Now we all realise the role religion has played in the shaping of human society, for better or worse or bits in between, and that's why it's important to learn about religions (as opposed to having compulsory talking-to-invisible-people rituals). But this, according to some critics, is holding up Islam above other religions.
A story in Britain's Daily Mail tells us that the idea, announced by Communities Secretary Hazel Blears, is to curb extremism. "Other plans announced by Miss Blears also drew criticism," the story says, "including a state-funded panel of Islamic scholars and theologians to provide community leadership.
It goes on: "Prominent Muslims said this scheme was naïve because Government endorsement would erode the credibility of those taking part, especially among the young and disaffected." For that, read, "We don't want state educators teaching it, because that might be too objective."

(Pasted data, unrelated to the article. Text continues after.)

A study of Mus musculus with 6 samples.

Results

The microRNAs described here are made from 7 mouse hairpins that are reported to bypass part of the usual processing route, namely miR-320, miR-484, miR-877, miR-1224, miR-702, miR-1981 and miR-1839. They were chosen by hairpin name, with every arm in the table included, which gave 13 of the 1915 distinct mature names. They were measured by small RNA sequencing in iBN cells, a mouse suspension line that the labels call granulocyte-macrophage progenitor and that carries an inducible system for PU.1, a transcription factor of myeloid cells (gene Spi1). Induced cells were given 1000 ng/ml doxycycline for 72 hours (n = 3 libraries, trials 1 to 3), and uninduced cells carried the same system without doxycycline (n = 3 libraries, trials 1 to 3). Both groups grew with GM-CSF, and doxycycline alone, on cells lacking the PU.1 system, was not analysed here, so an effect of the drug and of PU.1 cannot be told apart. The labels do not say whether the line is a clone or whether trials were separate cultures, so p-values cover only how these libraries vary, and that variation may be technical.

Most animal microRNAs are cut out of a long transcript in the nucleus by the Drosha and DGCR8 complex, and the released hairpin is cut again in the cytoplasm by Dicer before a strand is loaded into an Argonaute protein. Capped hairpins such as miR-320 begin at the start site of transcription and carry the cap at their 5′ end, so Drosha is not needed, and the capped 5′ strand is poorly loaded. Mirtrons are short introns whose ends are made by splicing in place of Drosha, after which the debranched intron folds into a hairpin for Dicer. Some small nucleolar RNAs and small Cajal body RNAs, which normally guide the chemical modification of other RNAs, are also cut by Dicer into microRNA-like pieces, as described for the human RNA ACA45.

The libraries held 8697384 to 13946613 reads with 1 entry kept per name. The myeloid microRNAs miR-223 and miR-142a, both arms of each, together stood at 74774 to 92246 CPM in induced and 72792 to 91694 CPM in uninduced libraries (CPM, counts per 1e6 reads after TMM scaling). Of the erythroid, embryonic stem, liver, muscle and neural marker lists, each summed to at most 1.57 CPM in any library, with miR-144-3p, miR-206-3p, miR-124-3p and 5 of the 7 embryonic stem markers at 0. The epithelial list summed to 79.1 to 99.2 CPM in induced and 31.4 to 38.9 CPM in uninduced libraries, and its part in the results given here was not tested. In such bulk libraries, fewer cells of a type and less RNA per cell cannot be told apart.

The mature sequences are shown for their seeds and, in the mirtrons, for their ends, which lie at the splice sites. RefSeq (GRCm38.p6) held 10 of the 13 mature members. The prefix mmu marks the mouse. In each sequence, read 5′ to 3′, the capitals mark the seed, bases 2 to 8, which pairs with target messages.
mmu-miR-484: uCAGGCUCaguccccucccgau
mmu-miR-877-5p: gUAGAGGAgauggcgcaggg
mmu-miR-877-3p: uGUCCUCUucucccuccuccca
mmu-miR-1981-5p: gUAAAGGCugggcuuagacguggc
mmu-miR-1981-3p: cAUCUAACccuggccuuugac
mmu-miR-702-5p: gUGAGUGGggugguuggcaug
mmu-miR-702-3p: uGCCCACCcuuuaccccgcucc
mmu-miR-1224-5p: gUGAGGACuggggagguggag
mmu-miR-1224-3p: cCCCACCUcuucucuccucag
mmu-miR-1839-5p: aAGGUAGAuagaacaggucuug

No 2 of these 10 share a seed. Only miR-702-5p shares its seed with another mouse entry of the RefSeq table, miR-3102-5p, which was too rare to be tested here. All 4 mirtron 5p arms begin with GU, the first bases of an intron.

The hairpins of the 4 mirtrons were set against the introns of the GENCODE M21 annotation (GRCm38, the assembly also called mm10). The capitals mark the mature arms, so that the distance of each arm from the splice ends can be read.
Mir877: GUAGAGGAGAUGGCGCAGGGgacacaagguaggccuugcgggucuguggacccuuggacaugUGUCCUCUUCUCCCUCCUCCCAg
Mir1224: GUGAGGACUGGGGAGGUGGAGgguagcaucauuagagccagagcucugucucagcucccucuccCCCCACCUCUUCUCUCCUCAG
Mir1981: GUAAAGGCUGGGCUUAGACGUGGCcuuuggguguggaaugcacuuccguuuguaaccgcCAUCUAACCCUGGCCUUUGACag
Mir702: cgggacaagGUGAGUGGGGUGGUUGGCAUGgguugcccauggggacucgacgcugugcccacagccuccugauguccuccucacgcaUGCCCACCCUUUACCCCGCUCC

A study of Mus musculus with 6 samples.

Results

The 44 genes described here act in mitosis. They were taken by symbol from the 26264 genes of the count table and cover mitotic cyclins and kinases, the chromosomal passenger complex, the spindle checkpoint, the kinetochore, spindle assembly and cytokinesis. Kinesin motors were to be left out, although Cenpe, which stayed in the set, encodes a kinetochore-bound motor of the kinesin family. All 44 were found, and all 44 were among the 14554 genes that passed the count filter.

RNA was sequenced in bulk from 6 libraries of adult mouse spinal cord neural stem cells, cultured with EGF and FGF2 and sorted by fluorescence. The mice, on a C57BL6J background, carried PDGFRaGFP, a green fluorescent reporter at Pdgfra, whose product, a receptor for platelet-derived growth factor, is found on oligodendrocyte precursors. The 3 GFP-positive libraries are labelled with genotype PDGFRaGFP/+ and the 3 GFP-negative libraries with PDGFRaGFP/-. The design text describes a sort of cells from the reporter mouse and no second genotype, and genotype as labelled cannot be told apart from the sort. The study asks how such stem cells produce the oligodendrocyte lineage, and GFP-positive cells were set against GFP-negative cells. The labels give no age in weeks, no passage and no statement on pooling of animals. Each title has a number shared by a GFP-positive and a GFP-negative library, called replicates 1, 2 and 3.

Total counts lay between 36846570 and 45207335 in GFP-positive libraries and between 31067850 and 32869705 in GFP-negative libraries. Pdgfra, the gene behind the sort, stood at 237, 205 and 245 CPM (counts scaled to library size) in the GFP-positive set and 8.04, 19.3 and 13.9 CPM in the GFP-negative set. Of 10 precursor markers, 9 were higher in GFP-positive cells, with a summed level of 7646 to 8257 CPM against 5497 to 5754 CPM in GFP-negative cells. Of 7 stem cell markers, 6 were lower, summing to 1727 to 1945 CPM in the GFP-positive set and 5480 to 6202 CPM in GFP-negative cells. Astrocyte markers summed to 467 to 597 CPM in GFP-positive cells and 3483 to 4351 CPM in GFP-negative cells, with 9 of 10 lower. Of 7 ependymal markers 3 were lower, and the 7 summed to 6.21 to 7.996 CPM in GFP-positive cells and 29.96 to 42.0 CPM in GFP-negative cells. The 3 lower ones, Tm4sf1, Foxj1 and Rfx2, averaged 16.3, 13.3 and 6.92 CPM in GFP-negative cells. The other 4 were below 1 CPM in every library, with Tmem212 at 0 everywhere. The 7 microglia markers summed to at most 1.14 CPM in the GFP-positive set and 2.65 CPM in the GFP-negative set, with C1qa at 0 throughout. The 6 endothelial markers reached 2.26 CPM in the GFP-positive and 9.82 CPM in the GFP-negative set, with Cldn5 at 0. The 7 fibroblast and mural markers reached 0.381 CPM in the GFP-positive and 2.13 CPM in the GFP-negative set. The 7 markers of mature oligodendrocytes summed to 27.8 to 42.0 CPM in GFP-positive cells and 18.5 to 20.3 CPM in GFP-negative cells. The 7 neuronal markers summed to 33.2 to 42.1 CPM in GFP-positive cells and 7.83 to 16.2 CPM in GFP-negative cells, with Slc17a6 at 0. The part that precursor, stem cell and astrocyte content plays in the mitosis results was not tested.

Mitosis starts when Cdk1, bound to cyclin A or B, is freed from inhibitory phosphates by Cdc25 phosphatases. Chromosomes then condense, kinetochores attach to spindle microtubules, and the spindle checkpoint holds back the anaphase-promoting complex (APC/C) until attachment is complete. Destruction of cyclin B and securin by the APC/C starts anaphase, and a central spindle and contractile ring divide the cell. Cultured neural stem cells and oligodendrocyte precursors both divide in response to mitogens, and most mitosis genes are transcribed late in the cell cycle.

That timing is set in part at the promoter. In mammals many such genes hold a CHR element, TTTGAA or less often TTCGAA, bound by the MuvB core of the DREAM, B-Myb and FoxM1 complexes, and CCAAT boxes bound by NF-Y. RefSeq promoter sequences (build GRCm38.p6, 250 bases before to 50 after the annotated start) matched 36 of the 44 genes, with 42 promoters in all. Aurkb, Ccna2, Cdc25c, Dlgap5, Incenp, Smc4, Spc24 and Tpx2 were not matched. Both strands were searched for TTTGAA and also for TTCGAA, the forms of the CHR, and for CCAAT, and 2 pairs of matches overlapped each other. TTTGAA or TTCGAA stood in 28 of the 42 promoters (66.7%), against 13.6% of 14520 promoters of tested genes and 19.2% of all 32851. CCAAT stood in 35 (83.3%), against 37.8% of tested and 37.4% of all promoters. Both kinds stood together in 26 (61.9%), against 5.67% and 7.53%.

David Conway, senior research fellow at the Civitas think-tank, said: "Some will see this as another sign of a creeping process of Islamisation – an insidious process which plays down the Christian basis of our culture and encourages children to learn more and more about Islam's contribution.
"Muslims are still a relatively small minority in Britain and, while I have nothing against children in our multi-religious society learning about each other's faiths, for one particular faith to be privileged in mainstream schools seems to me pointless, and won't make for greater harmony.
"I fear it will play into the hands of the small minority who want to see the Islamisation of Europe, and believe they will triumph through sheer numbers."